Happy new Martian year!
Dear Mars Explorers,
Today, June 18 at about 6pm UTC Mars completes yet another turn around the Sun and its calendar starts with brand new year 33 at Ls=0°!
HAPPY NEW MARTIAN YEAR EVERYONE!
You might remember that the last New Martian Year was at Earth’s date July 31, 2013. The shift to June 18 is due to the difference of Martian and Earth year length: the Mars year is 687 Earth days, meaning it’s 43 days shorter than 2 Earth years.
New Year on Mars starts with the spring equinox in the northern hemisphere. This means it is fall right now in the southern hemisphere in the areas that you are analyzing. All the ice from previous winter is long gone by now, the surfaces are inactive. The times of darkness become longer and longer and soon come long winter nights. At some locations there will be polar nights, when the Sun stays below the horizon for more than a day. These times are cold and CO2 will start to condense on the surface. First in some record-cold shadowed places and then all over southern polar areas. And it might even snow CO2 flakes!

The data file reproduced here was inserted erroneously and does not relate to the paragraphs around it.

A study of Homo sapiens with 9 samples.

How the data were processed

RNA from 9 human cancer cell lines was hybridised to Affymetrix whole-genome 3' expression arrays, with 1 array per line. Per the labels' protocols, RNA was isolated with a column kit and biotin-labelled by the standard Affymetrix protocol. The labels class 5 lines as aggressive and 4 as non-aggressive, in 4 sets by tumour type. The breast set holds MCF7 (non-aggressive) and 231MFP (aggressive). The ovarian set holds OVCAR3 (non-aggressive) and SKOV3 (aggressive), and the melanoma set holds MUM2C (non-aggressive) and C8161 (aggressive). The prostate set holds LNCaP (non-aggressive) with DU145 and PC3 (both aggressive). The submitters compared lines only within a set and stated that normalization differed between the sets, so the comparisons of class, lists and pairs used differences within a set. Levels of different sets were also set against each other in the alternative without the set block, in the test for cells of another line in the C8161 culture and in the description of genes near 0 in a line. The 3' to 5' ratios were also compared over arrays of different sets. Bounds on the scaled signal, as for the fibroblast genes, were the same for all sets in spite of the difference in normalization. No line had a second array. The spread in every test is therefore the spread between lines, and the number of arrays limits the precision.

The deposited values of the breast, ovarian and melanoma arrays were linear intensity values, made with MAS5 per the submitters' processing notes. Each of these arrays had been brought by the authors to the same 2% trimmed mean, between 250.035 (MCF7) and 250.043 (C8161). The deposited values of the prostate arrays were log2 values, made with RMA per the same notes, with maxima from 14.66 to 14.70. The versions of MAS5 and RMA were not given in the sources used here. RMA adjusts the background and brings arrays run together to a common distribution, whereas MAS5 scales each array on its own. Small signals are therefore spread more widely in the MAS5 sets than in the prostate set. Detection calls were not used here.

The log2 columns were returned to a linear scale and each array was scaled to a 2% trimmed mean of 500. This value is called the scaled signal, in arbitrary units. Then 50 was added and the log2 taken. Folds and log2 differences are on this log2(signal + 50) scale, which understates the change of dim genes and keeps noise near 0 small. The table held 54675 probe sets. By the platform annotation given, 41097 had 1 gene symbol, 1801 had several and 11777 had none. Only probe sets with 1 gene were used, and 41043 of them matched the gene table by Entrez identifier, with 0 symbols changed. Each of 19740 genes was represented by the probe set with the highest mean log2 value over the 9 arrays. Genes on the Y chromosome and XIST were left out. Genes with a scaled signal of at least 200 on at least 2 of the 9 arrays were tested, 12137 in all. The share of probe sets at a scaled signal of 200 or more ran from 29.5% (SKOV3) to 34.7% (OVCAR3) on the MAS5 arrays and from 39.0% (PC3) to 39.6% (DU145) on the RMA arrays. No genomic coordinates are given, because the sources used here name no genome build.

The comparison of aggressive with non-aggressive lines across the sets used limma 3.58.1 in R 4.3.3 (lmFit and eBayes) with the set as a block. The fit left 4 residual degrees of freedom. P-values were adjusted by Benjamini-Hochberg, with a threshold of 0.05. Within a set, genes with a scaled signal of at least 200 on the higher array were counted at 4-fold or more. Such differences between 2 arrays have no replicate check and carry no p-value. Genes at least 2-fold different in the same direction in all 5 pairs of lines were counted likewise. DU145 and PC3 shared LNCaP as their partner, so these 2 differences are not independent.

I leave you with this simulated Martian analemma – the image of the Sun in the Martian sky taken at the same local time during the whole Martian year. Slightly less bright, the simulated Sun is only about two thirds the size as seen from Earth, while the Martian dust, responsible for the reddish sky of Mars, also scatters some blue light around the solar disk. On Earth an analemma is a figure-8, while on Mars it is a tear-drop because of a different relationship between orbit eccentricity and its rotational axis tilt than on Earth (see this excellent blog post by Ethan Siegel explaining analemma details).
Right now the Sun on Mars is near the middle of this teardrop and moving towards the narrower tip. In about 1 Earth year the spring will come to Southern hemisphere and the southern polar activity will start again, new fans and blotches will appear giving us more data to investigate!
Thank you for helping us with this investigation!
Let us celebrate by classifying an image or two! Happy New Year!